JP – Kibuye, Rwanda

My father was a doctor before the genocide. They tricked him to drive on the road to the hospital to help people. They hacked him to death with machetes and then went after my seven brothers and sisters and mother and killed all of them. I am alive because I hid out for three months in a septic tank where my friend every few days would lower some food to me.

You can never forgive. It is absurd and anyone who says they can forgive is not being truthful to himself! Only the next generation will be able to forgive, but you can get past it. I must carry the loss and sorrow always with me. If I see my father’s murderer in the street and he greets me, I simply tell him to ‘go away. I am not your friend or forgiver. Stay away from me as I might hurt you. I do not want to be a killer like you. I have my future and my wife and children.’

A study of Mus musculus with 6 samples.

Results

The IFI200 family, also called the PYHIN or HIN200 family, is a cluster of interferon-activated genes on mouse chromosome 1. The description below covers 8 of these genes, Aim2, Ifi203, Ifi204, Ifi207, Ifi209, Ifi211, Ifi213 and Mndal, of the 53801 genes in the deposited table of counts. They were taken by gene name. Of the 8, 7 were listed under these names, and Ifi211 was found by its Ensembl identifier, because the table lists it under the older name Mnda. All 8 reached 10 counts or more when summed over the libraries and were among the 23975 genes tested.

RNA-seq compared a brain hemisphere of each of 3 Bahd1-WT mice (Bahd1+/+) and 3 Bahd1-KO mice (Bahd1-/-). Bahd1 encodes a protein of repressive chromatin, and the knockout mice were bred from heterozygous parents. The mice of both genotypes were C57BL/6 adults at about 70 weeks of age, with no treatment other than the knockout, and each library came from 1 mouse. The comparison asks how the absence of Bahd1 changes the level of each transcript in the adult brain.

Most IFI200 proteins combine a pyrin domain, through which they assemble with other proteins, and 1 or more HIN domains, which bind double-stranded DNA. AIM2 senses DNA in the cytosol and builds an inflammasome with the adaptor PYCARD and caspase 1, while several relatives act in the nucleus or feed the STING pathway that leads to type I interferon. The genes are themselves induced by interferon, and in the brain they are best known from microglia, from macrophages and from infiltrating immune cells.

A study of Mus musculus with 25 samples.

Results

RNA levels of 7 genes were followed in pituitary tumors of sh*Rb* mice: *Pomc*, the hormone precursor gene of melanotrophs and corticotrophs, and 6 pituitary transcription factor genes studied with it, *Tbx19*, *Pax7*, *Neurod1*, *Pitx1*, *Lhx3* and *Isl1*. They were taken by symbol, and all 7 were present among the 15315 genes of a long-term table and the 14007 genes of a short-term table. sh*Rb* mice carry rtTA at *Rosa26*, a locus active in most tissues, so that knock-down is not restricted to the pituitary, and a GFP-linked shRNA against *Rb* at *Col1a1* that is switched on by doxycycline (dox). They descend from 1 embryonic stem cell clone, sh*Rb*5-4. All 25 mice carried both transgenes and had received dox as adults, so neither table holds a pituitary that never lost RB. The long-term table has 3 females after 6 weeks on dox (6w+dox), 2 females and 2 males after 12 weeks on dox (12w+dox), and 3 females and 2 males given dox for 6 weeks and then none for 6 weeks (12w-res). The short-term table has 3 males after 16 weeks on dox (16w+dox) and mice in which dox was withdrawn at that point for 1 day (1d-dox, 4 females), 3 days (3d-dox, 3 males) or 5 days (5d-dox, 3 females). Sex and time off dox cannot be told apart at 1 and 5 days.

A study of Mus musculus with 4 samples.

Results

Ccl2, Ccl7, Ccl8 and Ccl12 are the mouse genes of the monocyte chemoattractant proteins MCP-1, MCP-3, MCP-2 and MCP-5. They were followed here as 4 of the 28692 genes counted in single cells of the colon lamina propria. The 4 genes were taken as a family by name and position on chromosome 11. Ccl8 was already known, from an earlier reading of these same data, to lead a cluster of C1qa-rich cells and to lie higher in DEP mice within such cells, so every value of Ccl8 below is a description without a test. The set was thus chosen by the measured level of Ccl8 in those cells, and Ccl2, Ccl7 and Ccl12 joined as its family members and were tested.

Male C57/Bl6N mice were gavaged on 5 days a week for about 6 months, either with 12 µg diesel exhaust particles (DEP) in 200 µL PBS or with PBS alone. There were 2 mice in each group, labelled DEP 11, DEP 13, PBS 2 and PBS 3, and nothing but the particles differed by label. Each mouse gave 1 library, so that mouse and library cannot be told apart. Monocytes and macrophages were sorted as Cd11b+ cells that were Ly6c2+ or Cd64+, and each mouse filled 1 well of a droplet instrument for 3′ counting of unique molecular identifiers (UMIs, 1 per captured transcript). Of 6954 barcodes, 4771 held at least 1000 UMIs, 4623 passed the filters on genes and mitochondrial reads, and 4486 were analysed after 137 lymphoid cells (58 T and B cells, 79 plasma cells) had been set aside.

Soweto, South Africa

She supports her family living in the slums of the Soweto Township by manufacturing stuffed animals to sell in the local market.

Abdulsalam – Palmyra, Syria

I was working at a hotel in Palmyra and learned that tourists wanted to have an authentic Bedouin experience. So now, I take people out into the desert on camels to have dinner and stay with my family in our tent.

Palmyra, Syria

Early one morning I took a walk through the Bedouin community outside Palmyra. On seeing a lone, Westerner, they invited me into their tent for morning coffee and breakfast and to visit with their ten-day old baby. Other than ‘assalam alaikum’ (hello) and ‘shukran’ (thank you), no words were shared. However there was a deep human connection.